An Accountability Court in Islamabad on Friday rendered it verdict in the Avenfield corruption reference against ousted prime minister Nawaz Sharif’s family, sentencing the ousted PMLN leader to 10 years’ imprisonment. The judgment also sentences Sharif’s daughter Maryam to 7 years’ imprisonment and her husband, Muhammad Safdar, to 1 year in jail.
The verdict, announced to media by the prosecution’s lawyer, has also announced fines in addition to the jail terms. Nawaz Sharif has been fined GBP8 million, while Maryam has been fined GBP2 million. These funds will be disbursed to the federal government, according to the judgment. In addition, the government has been ordered to confiscate the property. Transparency International said British authorities also had a responsibility to investigate those properties. “If a U.K. investigation concludes that the properties have been bought with corrupt money, then the authorities should move to seize the assets,” the anti-graft charity said in a statement.
Maryam Nawaz Sharif also stands disqualified from contesting the 2018 general elections after the verdict.
The ruling, a potentially significant boost for the main opposition party led by former World Cup cricketer Imran Khan, immediately raised questions over whether Sharif will return to Pakistan from London, where his wife is receiving cancer treatment. Pakistan has no extradition treaty with the U.K.
Judge Mohammad Bashir announced the judgment after earlier rejecting a plea by Sharif and his daughter Maryam to reserve it for seven days to allow them to return home from London, where they are currently visiting Kulsoom Nawaz, who is reportedly in critical condition. Of the accused, only Captain Safdar is currently in Pakistan; Nawaz and his children are all in London with their ailing mother.
Addressing a press conference after the verdict, PMLN President Shahbaz Sharif said his party and the “entire nation” had rejected it. “Nawaz Sharif’s name never even appeared in the Panama reference,” he said, adding that there was no solid evidence to implicate his elder brother. He also questioned NAB’s expedited procedure in the Sharif case, noting that there were cases with far greater alleged corruption that had been pending for years.
Speaking at a press conference in London, Sharif framed the charges against him as a conspiracy by the military, which has ruled Pakistan for roughly half its 70-year history. “This punishment cannot stop me from my struggle,” Sharif said adding he would return and face prison as soon as he is able to have a word with her wife who is on a ventilator. He also urged his supporters to vote for his party at upcoming national elections later this month.
Small protests broke out after the verdict at the court in Islamabad, which was surrounded by heavy security, and in some other cities, including Multan in Punjab, Sharif’s provincial stronghold.
Rival Imran Khan for his part greeted the verdict with jubilation at a campaign rally in Swat. “Today all Pakistanis must offer thanksgiving prayers because today is the beginning of a new Pakistan. Now robbers will not go into assemblies, but to jails,” he told a roaring crowd of thousands.
The Avenfield reference revolves around the purchase of four flats in Avenfield House, Park Lane, London and is one of a number of corruption cases filed by the National Accountability Bureau against Nawaz Sharif and his children following the premier’s ouster from office by the Supreme Court through its Panamagate verdict. In addition to Nawaz, Maryam, and her husband Captain Muhammad Safdar, NAB also nominated Sharif’s sons Hussain and Hassan as co-accused in the corruption references.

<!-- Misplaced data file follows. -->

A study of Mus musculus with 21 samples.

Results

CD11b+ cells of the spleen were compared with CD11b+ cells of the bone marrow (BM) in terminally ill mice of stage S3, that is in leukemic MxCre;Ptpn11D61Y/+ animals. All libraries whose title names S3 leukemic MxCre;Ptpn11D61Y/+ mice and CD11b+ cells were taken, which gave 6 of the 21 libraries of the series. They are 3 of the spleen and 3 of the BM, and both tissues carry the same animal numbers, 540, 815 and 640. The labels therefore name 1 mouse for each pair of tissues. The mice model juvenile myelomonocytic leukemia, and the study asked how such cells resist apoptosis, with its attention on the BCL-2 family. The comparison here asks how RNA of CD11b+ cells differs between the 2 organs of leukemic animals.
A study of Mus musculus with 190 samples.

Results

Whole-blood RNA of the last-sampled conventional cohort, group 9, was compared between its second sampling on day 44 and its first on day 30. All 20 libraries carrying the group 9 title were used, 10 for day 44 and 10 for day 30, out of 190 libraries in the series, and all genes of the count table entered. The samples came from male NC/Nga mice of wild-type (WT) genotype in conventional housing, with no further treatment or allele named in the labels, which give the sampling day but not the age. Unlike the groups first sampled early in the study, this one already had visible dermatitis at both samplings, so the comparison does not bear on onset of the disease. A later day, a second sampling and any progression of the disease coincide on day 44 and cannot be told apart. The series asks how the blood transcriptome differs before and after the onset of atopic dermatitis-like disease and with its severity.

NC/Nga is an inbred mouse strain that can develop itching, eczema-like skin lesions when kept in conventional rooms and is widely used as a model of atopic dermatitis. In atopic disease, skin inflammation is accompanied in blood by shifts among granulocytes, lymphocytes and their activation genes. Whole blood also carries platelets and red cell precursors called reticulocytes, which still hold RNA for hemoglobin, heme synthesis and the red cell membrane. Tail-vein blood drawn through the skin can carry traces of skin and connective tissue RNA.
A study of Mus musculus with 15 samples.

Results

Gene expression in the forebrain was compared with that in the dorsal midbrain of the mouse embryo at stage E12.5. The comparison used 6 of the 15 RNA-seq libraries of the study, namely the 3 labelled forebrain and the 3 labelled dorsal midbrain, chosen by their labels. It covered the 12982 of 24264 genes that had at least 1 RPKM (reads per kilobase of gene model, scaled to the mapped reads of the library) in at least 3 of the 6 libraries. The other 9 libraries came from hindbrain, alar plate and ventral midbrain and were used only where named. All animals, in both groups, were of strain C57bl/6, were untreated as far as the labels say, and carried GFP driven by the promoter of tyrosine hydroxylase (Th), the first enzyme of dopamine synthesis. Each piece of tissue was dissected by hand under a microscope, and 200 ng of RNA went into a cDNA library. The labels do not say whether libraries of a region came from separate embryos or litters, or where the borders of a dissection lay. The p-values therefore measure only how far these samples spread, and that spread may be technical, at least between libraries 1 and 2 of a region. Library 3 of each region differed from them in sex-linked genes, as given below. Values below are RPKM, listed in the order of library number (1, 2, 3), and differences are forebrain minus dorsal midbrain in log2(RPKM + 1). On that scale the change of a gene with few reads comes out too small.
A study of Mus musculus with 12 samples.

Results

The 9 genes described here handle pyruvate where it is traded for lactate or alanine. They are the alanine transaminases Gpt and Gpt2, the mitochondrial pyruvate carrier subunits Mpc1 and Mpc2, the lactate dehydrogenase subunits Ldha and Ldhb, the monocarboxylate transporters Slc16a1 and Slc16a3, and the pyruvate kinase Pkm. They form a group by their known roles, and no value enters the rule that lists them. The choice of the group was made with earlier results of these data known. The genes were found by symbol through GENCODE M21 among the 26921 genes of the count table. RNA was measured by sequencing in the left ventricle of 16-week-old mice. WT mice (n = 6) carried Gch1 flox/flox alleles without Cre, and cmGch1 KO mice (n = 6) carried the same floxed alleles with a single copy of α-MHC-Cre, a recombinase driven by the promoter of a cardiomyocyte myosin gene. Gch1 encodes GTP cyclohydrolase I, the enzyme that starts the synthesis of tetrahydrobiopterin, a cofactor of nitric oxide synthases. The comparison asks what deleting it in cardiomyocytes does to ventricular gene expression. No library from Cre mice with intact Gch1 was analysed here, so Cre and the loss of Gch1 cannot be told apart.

According to NAB, the Sharif family had failed to disclose the resources used to purchase the apartments despite claiming they had all been acquired through legitimate sources. A JIT report used to establish NAB’s case had also alleged that the Sharif family had given contradictory reports about when they had purchased the apartments, adding that records showed they had owned them since 1993.
Analysts said the verdict would damage the PMLN’s campaign as the less charismatic Shahbaz seeks to fend off the challenge by Khan’s PTI and other parties. “No matter what the PMLN says, the decision is going to damage their vote bank,” said analyst Rifaat Hussain, adding that he thought it unlikely Sharif would return.
Recent surveys show that up to 22 percent of voters are undecided, he said, and with further serious allegations of corruption against the PMLN leadership there is little chance of Sharif mobilizing the “sympathy factor” after the verdict to attract support. “If Sharif does not come back, his party is over,” added analyst Rasool Bakhsh Rais. “If he comes back, he will have to fight cases and he will be suffering a lot—but in this way he will save his party.”
Sharif, who at times during his premiership appeared to seek a better relationship with India, has repeatedly accused the military of wanton political interference since his ouster. The verdict, coming just weeks before the polls, fueled narratives he was being targeted, said analyst Michael Kugelman. “A culmination of fair justice served or politicized selective justice? Timing alone suggests the answer,” he tweeted.
But Kugelman also suggested the party was becoming a “spent force”: “The walls are closing in, and rapidly.”
Journalists and activists have spoken of pressure by the military to censor positive coverage of the PMLN campaign amid allegations of a “silent coup.” The military has said it does not interfere in the media.
The party has also seen a series of high-profile defections in recent weeks, further weakening its position.